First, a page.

Sporting success is an important stimulus for any local community and nowhere was that more apparent than following last Sunday’s football final between Athy and Carbury. The excitement in Athy prior to the final was palpable and the spread of red and white flags throughout the town gave visible expression to the pride we all felt in our local team.
Everyone was elated by the team’s success and one can scarcely imagine the uplifting effect victory had on the people of Athy. It was quite obvious that the sporting success had managed to lift the mood of an entire town banishing, even if only for a short spell, the thoughts of recession, NAMA and bankers madness.
This was a club success, but equally it was a community success, earned as it was by men, young and not so young, with roots extending back generations in the local community. Young James Eaton, whose early goal laid the foundation for the team’s win, is the grandson of James Eaton who in his young days, while working in Jacksons of Leinster Street, also played for the Club.
Another man involved in the winning team was Ger Clancy, whose father played for Athy. Ger was a selector on the winning senior team, a role which he also filled on the minor and Under 21 championship winning teams of recent years. Uniquely Ger is himself the holder of Kildare Championship winning medals at minor, Under 21 and senior level, the latter having been won in 1987 when he lined out at right full back on the Athy team.
The involvement of local families with Athy’s G.A.A. club and Sunday’s winning senior team is evident in so many ways. Another senior selector, Dinny Sullivan, played on the Athy team which lost the 1978 final to Raheens and he, like Ger, also served as selector on previous minor and Under 21 Championship winning teams. His brother Anthony is currently President of the Athy Gaelic Football Club. Club Secretary Colm Reynolds is the proud father of Man of the Match winner Cian.
Another past Club President, whom I had the honour of proposing for that position many years ago, was the late Tim O’Sullivan, a Kerry man whose adult life was spent in Athy. His grandson Hugh Mahon came on as a substitute in the second half of Sunday’s final.
As one looks down the generations it is not surprising to find a continuity of service and allegiance to the local G.A.A. Club. One household now holding five Kildare Senior Championship medals is the Dunnes of Ashville. Patrick Dunne has just won his first Senior Championship medal, but at home there are four similar medals won by his grand uncle Barney Dunne in the late 1930s and 1940s.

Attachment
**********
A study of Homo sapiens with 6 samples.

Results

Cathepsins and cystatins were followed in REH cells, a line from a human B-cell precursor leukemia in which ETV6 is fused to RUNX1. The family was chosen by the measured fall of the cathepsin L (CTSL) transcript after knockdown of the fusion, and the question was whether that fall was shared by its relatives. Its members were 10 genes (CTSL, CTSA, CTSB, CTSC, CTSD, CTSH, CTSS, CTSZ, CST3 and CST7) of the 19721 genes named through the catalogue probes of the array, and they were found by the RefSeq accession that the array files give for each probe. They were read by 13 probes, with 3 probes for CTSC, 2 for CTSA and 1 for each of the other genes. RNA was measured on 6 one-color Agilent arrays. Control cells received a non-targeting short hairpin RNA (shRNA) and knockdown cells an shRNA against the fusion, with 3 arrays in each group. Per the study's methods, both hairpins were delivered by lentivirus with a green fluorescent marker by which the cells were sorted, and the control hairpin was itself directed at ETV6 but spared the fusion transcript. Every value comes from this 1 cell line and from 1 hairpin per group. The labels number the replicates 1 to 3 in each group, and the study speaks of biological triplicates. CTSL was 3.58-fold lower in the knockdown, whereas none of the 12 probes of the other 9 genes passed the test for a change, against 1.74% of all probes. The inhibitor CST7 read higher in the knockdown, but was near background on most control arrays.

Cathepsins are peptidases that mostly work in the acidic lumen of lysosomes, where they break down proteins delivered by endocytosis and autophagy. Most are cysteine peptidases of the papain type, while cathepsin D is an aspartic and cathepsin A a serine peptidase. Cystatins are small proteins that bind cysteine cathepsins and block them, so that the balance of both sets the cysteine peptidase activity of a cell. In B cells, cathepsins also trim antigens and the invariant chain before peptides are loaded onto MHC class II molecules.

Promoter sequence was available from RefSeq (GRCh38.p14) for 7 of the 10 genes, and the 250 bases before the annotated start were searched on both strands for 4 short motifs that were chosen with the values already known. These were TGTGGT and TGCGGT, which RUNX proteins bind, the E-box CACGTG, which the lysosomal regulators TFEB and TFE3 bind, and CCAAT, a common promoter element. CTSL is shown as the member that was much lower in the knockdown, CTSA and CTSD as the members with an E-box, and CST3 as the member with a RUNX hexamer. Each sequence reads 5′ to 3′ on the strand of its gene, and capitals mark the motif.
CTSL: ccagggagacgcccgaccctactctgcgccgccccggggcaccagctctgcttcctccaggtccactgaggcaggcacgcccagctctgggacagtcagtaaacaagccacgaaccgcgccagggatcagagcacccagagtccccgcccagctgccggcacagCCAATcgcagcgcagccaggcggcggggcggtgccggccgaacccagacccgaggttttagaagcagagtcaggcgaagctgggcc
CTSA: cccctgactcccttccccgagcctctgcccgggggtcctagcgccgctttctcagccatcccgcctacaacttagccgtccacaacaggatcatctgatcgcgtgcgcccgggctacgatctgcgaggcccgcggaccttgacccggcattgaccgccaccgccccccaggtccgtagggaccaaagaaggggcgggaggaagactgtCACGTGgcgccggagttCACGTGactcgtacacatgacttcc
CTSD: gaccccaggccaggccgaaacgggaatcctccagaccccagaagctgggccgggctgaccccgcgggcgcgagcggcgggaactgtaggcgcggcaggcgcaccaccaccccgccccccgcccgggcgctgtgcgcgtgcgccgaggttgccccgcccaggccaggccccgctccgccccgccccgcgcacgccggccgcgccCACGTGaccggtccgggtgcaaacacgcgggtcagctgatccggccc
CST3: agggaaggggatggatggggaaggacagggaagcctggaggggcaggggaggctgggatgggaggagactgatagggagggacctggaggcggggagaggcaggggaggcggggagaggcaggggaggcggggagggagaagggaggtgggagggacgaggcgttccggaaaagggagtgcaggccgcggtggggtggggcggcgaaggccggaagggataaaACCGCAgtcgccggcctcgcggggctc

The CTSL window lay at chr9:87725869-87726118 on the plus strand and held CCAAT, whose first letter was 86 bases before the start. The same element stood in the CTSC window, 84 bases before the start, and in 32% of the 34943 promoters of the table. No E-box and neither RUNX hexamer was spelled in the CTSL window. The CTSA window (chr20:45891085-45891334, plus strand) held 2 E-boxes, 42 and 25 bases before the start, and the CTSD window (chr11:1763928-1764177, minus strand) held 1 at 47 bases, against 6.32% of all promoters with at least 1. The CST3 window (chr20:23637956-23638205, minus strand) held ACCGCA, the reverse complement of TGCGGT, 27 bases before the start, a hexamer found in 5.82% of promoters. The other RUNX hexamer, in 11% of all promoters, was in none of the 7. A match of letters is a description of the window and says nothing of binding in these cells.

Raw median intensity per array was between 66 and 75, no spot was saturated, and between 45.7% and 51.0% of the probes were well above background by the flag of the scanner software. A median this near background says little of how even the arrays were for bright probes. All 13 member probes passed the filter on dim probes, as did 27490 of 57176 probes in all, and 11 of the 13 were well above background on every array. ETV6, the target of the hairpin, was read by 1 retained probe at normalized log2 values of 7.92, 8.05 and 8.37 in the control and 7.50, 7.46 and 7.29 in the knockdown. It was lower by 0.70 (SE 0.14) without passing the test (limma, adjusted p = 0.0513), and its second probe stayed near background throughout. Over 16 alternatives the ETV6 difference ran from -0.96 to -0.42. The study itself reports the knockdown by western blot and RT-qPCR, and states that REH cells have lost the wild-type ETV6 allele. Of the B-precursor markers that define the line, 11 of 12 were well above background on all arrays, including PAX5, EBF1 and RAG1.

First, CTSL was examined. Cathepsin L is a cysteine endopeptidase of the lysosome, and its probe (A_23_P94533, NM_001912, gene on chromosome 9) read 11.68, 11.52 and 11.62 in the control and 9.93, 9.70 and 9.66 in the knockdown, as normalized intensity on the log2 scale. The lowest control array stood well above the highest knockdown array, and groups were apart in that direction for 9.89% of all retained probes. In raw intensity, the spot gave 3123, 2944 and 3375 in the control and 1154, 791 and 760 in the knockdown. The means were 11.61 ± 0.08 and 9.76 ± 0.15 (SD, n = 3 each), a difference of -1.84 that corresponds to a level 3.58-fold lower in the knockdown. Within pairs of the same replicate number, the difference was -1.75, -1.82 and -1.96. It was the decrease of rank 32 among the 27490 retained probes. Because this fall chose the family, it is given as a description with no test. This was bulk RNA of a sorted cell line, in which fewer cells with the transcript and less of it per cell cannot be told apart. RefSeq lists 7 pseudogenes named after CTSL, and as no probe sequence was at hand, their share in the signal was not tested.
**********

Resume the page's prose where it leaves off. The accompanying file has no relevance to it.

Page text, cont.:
The late Tommy Brophy who was a neighbour of mine in Offaly Street in the 1950s was a hurling man through and through. His son Mark who was on the 1995 losing Athy final team panel is the manager of the 2011 senior winning team, having fulfilled the same role so successfully with Athy minors. Mark’s brother Ken played in Sunday’s final, as did Emmanuel Kennedy, both of whom are the last survivors of the 1995 losing final team. Ken and Emmanuel have been tremendous servants of the Club over many years.
Comparison between this year’s successful championship campaign and Athy’s success in 1942 when we also beat Carbury shows that both victories were achieved by very young teams. Sixty nine years ago the Athy team which deprived Carbury of a third in a row senior title was comprised of 7 players under 22 years of age and one player under 18. Those ‘youngsters’ as they were referred to in the 1942 press reports included Danny Shaughnessy, Tommy Fox and Lar Murray.
Another link with the past was the inclusion on this year’s team panel of Aongus Corry, a former County Clare minor and the holder of a Clare Senior Championship medal. His inclusion brought back memories of another Clare man, George Comerford, who played for Athy in the 1937 Senior Football Final when Athy won its third senior title in five years. George was a Garda based in Athy who not only played football for the Clare County Senior team, but also for Munster and Leinster. In addition he played inter county football for Kildare and Louth and was on the losing Dublin team in the All-Ireland Final of 1934. The late Pat Mulhall regarded George Comerford as the finest footballer ever to have played with Athy.
The story of Athy’s success in the Kildare County Final of 2011 is a story of a community whose spirits were lifted by the skill, panache and energy of 15 and more young men. We rejoice in their success and for a while our spirits were lifted and the whole town, not for the first time and hopefully not the last, enjoyed its position as the premier sporting centre in the County of Kildare.